Warm Temperatures and Drought in Texoma - KTEN.com - No One Gets You Closer

Warm Temperatures and Drought in Texoma


TEXOMA -- For the month of November, approximately 23 days have been at or above normal for Ada, Ardmore, and Sherman observation stations.  For Oklahoma it is the 26th month out of the last 32 to finish above normal.

So why all this warm weather?

"The weather pattern particularly the past several days has included this upper level disturbance south of Alaska, this disturbance has moved little and really kept the cold air all bottled up, not allowing areas of cold air to flow into the south central United States. We have also had a surface high over the southeastern U.S. keeping winds strong from the south over Texoma. This brings in warm and humid at the surface," explains KTEN's own Meteorologist Cathy Evans.

The lack of rain has not helped matters either.  Almost all of the viewing area is currently under extreme drought.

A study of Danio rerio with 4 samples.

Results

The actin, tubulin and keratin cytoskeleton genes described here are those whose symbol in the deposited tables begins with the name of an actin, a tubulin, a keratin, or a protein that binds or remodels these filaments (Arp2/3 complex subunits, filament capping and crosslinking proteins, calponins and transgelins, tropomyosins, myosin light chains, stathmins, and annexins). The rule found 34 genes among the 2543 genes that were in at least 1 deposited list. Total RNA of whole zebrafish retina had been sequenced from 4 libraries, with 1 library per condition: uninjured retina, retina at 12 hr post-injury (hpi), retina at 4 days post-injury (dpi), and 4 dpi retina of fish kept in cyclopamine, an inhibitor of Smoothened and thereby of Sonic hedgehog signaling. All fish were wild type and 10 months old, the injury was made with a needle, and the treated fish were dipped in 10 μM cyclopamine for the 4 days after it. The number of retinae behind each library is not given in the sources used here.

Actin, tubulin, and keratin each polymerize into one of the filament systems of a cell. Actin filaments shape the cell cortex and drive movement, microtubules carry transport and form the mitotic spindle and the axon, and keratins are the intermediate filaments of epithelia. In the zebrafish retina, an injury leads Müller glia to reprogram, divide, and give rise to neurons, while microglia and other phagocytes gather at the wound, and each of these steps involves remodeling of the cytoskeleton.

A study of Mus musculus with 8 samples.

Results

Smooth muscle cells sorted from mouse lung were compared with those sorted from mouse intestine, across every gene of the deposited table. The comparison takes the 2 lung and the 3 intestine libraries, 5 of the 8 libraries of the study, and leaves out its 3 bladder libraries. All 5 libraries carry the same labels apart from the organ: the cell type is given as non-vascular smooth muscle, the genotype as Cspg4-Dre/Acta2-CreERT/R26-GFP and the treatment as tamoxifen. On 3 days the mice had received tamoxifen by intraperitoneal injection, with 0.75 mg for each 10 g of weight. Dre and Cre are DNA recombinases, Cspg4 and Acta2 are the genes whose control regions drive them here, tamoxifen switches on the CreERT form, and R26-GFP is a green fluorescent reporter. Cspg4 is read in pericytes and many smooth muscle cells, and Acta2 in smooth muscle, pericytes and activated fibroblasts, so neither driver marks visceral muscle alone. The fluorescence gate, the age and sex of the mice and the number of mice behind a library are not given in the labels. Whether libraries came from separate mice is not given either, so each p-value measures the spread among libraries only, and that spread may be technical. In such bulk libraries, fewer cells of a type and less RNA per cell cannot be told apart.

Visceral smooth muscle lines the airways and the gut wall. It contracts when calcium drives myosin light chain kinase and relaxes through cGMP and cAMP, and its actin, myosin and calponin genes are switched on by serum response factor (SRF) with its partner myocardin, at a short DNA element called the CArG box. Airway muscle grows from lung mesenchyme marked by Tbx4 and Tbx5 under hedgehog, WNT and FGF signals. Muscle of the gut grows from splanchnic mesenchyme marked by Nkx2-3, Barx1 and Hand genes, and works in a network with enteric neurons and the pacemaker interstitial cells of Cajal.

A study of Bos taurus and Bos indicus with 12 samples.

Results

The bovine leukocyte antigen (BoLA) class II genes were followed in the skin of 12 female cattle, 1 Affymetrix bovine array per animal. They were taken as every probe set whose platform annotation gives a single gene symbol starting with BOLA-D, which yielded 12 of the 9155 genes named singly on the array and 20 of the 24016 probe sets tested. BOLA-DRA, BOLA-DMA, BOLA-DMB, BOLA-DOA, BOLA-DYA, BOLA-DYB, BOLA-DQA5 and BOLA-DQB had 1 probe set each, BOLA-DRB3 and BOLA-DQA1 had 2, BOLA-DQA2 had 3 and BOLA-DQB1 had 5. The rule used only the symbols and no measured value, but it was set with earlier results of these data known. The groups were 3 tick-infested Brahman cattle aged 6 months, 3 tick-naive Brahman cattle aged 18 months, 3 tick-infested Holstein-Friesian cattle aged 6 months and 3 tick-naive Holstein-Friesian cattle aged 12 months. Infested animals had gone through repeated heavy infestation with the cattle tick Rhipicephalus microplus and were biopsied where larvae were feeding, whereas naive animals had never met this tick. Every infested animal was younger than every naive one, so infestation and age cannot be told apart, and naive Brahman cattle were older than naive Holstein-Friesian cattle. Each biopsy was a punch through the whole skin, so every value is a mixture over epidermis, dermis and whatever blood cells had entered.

"The ranchers, their pastures are in really poor conditions right now (because of) the lack of rainfall, the lack of soil moisture," says Chuck Jones, the Agricultural Extension Agent for Grayson County.

A large part of Texoma has experienced the 4th driest November on record. With the lack of rainfall the cool season grasses are in poor condition for the cattle and farm animals to graze on.

One viewer e-mailed, "my father and I are dependent on rain for our livelihood ...our neighbors wheat looks rough and dust for calves will be an issue soon," says Mark Bond from Loves Valley, OK.

Jones says if we don't get rain soon, entire wheat crops could be lost.

"Typically we get rainfall in the fall, or early in the winter. And they really depend on that time period to recharge the soil moisture".

Long term, the National Climate Prediction Center is forecasting this drought to persist and for above normal temperatures to continue.